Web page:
The Council is suggesting a meeting of different civil society organizations. This is a good suggestion, but who takes the lead and where are these organizations? One of the sad things about our country is that civil society organizations have lost a lot of their credibility and often reflect only the whims, fancies and desires of their leaders. Even the Church has to be singled out. One understands the need to preserve unity within the Church, but that can only be done by standing up for what is right and Christian, regardless. Ultimately, those who criticize your willingness to act on principle will respect you, and respect is always a cherished quality.

While speaking about the Church, I have to express my regret that the Catholic Bishop Jason Gordon has left our shores. To me, he represented what the Church should be in terms of its effort to fight for social justice and its role in civil society. He was approachable, easy to relate to, very down-to-earth and fearless. When he spoke, he made a lot of sense to me, especially in terms of how he related the gospel to everyday living. I say all of this because I have been very impressed with the role that Pope Francis is playing and often wished that our churches could move along the path to which he appears to be pointing. I have never really been fond of Popes, having studied the lives of some of the early ones. I have often expressed the desire to see the Church play a more active role in society, one that goes beyond simply catering to the spiritual needs of its congregations.

The Council’s statement highlighted an issue that we really need to talk about. It said, “Much of our conflicts are informed or exasperated by the irresponsible use of or a manipulation of information.” In our society, it is often difficult to know what is true or not true. For one, information is often not readily available to the public. This then provides a fertile climate for the spread of rumour. Moreover, when information is not provided, the tendency, consciously or not, is often to try to pull it out. So, rumours and half-truths abound and eventually we get the real story, amidst accusations of distortions and maliciousness. Why is there that reluctance to provide information? This, of course, is a rhetorical question. There are many things happening in our society that we know little about, but those who have the information embrace it as though it is their personal property. Any sane, democratic society needs an informed public.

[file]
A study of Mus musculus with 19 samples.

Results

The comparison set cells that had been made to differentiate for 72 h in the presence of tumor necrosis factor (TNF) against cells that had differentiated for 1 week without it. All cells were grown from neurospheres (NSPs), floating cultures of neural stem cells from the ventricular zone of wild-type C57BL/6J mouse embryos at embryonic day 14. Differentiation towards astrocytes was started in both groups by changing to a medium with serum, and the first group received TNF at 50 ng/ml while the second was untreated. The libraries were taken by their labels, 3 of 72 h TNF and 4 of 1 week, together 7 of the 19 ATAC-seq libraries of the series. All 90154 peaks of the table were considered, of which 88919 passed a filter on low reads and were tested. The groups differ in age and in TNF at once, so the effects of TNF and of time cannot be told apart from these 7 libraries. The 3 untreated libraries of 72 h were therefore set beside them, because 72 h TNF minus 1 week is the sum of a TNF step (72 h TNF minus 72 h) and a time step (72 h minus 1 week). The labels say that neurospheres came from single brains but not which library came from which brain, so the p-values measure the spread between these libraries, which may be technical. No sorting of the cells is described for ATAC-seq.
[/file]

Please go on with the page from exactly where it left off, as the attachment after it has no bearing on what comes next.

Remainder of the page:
Little is being said about how our country will move on to ensure the livelihood of our people. What provisions are we making to cater to the hundreds of students who leave school every year? Alejandro Werner, director of the IMF’s Western Hemisphere department, stressed the importance of resolving domestic challenges to ensure economic growth, which is seen as ‘tepid’. But what are our domestic challenges? We skip this and pin all the blame for our economic misfortunes on the global economic climate. But, as I have said before, the key to our moving forward in this climate is our ability to utilize the economic space we have. To do this we have to resolve those challenges. All the human resources of the country have to be mobilized to deal with this issue. It is a people’s issue, not a party issue! What is really driving our economy, that is, if it is being driven? What are the commanding heights of our economy? What is the level of our unemployment? We seem not to want to tackle this and throw out figures that we know are incorrect. We are bad at data collection, but how can we move forward without adequate data to inform whatever plans we need to develop? I am very concerned about our unemployment rate. If you check carefully, you would realize that any job advertised today is likely to have hundreds of applicants, sometimes even from persons who do not qualify. We have to face up to this! Do we understand what it means, never to have worked? Among other things is the environment that it creates for crime. We cannot continue to drift aimlessly and to depend solely on sources and forces from outside of the country to save us; but then do we really care?

Dr Adrian Fraser is a social commentator and historian.